Christianity is many things to many people. Some identify Christianity with the liberation theology and the social gospel of the 60s and 70s, when liberal priests and theologians fuse political activism with church doctrine, especially in the areas of social justice, poverty and human rights. These advocates were not beyond arming the oppressed to overthrow dictators, fight injustice and even topple governments.

Some associate Christianity with “positive thinking” of the 70s and 80s, the self-help model pioneered by Norman Vincent Peale and Robert Schuller. Sin is a dirty word to them. Basically, Schuller defines sin as “a lack of self-esteem,” “a lack of faith,” “deep lack of trust,” or “anything that robs us of our “divine dignity.” (Schuller, Self-Esteem: The New Reformation, p. 14)

The 80s on were a fertile ground for prosperity gospel, otherwise known as the “Health and Wealth” or “Name It and Claim It” gospel, as preached by Jimmy Baker and Jimmy Swaggart in the 80s and Joel Osteen, the standard bearer in the 21st century. In a TIME poll, 17% of Christians surveyed said they considered themselves part of such a movement, and a full 61% believed that God wants people to be prosperous. 31% agreed that if you give your money to God, God will bless you with more money.

One of the most intriguing literary devices in Hebrew thought is to use parallelism. In English works, especially in poetry, it is pretty common to see the A, A1 rhyme or pattern in the next line. In Hebrew structure, however, it is common to see the structure of A, B, C followed by a reverse C1, B1, A1 structure. John 1:43-51 was written in the C1, B1, A1 structure to parallel to the previous story of Andrew. Andrew’s story begins with “Rabbi” (John 1:38) while Philip’s end with “Rabbi” (John 1:49). In the middle of two stories, Andrew and Philip say “Come and see” (John 1:39, 46). Andrew exclaimed at the end of the first story, “We have found the Messiah” (John 1:41) and Philip stated early in the second story, “We have found the one Moses wrote about in the Law” (John 1:45).

Who is Jesus? What draws people to Him? Did He come to start a religion? Well, He was not the guru, rabbi, teacher or even religious founder the disciples initially had in mind.

Christianity is About the Revelation of God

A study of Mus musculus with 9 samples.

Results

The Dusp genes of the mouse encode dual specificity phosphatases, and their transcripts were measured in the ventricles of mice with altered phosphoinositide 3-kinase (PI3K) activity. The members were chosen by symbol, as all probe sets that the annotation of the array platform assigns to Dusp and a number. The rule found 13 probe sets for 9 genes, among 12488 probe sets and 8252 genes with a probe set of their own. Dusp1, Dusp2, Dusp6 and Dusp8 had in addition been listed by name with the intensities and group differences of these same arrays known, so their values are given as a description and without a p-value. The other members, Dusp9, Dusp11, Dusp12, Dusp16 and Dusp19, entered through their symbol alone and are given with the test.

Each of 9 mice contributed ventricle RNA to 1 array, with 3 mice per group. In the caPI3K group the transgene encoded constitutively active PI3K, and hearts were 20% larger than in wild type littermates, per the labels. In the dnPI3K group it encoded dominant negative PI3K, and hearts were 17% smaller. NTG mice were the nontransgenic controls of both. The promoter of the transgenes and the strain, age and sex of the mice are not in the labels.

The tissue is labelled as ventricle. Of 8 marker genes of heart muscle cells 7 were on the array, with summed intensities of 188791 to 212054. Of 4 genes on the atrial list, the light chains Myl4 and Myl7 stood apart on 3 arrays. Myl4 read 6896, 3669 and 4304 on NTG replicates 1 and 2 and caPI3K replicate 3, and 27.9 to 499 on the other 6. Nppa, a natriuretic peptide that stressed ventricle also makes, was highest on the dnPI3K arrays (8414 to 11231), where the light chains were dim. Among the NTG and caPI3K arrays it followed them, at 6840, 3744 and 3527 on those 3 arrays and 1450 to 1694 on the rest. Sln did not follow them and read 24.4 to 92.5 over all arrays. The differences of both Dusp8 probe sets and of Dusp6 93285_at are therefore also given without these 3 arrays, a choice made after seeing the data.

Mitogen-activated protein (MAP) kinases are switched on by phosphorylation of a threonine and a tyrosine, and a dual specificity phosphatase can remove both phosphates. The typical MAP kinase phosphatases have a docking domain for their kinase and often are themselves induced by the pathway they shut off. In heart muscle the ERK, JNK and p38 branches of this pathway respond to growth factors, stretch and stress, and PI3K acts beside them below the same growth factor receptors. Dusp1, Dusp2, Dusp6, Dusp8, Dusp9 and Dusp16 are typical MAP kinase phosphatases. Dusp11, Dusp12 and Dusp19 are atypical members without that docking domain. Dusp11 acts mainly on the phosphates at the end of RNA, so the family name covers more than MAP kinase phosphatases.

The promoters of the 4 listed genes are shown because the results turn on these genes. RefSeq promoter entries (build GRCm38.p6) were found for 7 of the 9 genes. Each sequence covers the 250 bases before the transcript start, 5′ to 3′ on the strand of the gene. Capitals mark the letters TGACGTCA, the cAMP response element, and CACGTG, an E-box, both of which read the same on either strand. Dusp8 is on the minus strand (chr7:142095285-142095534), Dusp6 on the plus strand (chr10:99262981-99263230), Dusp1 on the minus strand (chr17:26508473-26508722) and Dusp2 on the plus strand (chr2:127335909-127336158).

43 The next day Jesus decided to leave for Galilee. Finding Philip, he said to him, “Follow me.” 44 Philip, like Andrew and Peter, was from the town of Bethsaida. (John 1:43-51)

The earliest telling of “The Blind Men and the Elephant” was to describe what religion was like to six different people. One of the six blind men touched the elephant’s side and described the elephant as a wall. Another stroked its tusk and said the elephant was like a spear. The third squeezed its trunk and swore it was a snake. The fourth pressed its legs and countered that the animal was like a tree. The fifth, who touched its ear, argued that it was like a fan. The last grabbed the tail and was very sure it was like a rope.

There is a crucial difference between Christianity and Buddhism, Islam and folk religions. Christianity is a revelation, not a religion. Religion is men seeking God, while Christianity is God seeking and finding men (Warfield). Men’s effort to seek and find God is an impossible task, because God is holy and man is sinful. Christianity is about revelation –God with us (Matt 1:23), the Word became flesh and made his dwelling among us (John 1:14). Through the centuries and generations man, to the best of his ability, made idols and images to express his understanding of God and chase after every glimmer or possible sighting of divinity in creation, but they are like blind leading the blind. Christianity is the “religion of revelation” and “the only revealed religion.” (“Christianity and Religion, Benjamin B. Warfield) It is about God making and taking the first step to disclose and declare Himself to man.

Bethsaida is a city in Galilee, on the NE coast of the Sea of Tiberias (John 1:44; 12:21) in the north. It was the home of Peter, Andrew and Philip, and a frequent resort of Jesus. On the other hand, Bethany (John 1:28), where Jesus was baptized previously, was a mile from Jerusalem in the south. One of Jesus’ objectives traveling north was to find Philip. Philip was a blessed apostle in more ways than one; he was the only apostle Jesus came to “find” (v 43).

Philip was most impressed with Jesus. Jesus had traveled from Bethany in the south to Galilee in the north, more than 100 miles, just to look for him. In those days they traveled the old-fashioned way - by foot or by donkey. The speedier horse was out of the question.